Vacant commercial buildings known for degraded conditions targeted for City of Fresno inspections


The first is the old Gottschalks building on Fulton Street in downtown Fresno. Outside, most of the windows are broken and boarded up.

City councilor Miguel Arias enters with the inspectors. They all use cell phones as flashlights.

“This is the kind of thing we have to look at, the gas line is completely cut off,” Arias said, pointing up at the ceiling.

The 60,000 square foot building is completely dark and cavernous. It has been vacant for over 30 years, last occupied by Gottschalks in 1988.

Arias says buildings like these have become more than just horrors. He says they attract criminal activity and create fire hazards, forcing already understaffed police and fire departments to intervene.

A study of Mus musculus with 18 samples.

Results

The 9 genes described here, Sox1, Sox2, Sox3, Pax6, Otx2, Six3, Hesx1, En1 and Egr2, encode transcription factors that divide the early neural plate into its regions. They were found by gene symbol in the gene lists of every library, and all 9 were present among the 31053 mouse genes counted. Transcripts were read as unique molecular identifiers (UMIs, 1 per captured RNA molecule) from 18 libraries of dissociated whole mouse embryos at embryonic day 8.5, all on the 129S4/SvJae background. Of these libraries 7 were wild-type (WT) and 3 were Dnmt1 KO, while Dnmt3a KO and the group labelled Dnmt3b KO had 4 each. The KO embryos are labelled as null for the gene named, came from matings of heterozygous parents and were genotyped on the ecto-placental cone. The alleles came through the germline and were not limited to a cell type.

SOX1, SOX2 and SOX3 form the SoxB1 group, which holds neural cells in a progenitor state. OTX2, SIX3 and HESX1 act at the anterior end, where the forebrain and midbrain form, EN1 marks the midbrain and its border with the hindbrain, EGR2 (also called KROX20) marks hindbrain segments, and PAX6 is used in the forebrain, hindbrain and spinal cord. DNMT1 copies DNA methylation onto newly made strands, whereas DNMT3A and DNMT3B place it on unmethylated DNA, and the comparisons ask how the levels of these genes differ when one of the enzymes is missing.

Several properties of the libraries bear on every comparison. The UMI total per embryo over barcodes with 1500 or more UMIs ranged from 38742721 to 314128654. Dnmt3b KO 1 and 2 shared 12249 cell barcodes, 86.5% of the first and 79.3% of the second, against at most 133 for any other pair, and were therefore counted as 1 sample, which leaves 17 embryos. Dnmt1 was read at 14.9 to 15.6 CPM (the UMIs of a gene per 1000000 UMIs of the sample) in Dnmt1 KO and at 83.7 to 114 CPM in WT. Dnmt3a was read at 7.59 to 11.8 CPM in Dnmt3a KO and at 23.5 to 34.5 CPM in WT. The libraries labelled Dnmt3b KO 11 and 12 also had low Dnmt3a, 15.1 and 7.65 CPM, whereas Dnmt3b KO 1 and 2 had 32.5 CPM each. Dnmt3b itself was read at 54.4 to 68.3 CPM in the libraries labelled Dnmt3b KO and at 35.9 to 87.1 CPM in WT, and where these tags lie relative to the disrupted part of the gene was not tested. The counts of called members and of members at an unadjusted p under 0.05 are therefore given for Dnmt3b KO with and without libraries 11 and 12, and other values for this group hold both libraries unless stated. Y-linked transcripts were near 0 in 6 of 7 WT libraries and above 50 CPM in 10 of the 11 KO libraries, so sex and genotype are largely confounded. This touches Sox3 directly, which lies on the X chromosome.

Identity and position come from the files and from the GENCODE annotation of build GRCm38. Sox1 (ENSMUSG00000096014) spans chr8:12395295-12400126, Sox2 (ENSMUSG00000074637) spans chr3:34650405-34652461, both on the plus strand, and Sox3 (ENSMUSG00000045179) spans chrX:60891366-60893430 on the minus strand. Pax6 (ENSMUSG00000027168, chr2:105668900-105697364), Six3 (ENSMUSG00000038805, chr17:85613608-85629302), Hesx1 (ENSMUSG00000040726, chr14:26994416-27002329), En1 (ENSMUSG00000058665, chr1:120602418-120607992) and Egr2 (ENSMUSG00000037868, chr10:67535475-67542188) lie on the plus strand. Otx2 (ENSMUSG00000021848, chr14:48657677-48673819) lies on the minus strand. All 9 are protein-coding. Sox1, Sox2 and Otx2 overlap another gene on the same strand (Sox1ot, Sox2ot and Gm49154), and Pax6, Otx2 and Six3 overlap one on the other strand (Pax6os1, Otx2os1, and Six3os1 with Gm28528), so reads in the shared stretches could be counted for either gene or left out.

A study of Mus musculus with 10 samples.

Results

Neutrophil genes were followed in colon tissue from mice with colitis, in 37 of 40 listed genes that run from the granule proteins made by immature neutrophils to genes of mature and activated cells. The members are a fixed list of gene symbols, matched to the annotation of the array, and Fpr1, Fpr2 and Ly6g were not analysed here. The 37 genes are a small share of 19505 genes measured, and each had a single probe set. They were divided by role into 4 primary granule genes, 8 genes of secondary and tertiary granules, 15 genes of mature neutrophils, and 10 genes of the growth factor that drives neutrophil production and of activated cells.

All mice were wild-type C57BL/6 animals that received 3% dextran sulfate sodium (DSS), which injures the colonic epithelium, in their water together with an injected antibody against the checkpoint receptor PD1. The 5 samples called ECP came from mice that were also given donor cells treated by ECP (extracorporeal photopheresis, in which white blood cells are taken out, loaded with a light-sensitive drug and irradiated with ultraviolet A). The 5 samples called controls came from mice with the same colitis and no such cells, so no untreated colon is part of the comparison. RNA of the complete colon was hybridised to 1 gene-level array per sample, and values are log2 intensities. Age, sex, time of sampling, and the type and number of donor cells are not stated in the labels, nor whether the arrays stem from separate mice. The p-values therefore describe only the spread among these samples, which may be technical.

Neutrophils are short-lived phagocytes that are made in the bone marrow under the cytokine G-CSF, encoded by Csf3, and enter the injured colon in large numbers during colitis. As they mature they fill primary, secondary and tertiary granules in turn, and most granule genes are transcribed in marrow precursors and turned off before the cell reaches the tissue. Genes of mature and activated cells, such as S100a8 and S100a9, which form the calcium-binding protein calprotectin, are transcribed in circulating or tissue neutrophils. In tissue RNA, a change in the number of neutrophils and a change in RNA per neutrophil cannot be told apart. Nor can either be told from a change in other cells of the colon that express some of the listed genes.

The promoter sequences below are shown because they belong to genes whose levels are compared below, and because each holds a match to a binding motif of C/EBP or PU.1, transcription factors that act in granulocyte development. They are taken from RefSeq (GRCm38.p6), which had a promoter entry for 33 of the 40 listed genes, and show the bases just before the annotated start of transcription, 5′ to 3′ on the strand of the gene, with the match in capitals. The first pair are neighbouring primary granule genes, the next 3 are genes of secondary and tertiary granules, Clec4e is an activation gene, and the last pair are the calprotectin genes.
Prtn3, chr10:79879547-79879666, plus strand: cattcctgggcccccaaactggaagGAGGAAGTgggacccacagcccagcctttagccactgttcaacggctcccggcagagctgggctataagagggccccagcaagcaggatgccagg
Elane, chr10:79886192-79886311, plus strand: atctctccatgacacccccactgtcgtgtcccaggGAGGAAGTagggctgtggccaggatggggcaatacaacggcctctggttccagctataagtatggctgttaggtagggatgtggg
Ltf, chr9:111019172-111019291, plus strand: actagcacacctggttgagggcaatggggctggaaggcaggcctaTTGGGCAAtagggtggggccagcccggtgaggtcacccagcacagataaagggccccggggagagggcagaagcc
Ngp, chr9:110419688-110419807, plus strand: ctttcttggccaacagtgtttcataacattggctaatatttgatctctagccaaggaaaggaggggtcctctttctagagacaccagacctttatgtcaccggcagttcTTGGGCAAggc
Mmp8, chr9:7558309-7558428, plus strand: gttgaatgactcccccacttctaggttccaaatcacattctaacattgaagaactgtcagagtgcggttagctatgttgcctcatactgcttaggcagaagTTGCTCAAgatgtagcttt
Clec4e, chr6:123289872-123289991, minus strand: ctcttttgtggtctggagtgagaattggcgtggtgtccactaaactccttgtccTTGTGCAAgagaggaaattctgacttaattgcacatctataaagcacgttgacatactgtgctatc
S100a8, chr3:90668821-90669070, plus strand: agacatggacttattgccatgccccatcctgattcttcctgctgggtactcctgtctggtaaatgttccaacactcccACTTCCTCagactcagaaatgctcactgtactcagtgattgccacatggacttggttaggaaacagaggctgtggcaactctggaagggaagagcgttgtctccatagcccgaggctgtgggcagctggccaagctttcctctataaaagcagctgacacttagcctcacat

“Our firefighters cannot keep up with the number of fires that break out in vacant commercial buildings,” he says.

The inspections are part of the Blighted Vacant Commercial Building Ordinance approved on June 17. Code enforcement officers will present to private owners a list of necessary improvements. Other properties are located downtown, in Chinatown, and along Belmont & Olive Avenue in the Tower District.

“So they’re going to have to spend money,” he said. “And either they’re spending the money to fix the building and rent it out, or they’re going to have to spend the money to pay the fines.”

And that includes the city, which owns the Gottshalks building. In a report released on Monday by the code enforcement team that inspected the Gottschalks building, it found a number of property nuisances, including violations of the fire, electrical, plumbing and mechanical code.

The other 19 buildings are privately owned and will be inspected in the next two months. Homeowners will be offered a financial incentive if they decide to turn the properties into housing. As part of the ordinance, the city has budgeted $ 25 million to invest in transforming one of the vacant commercial buildings into housing.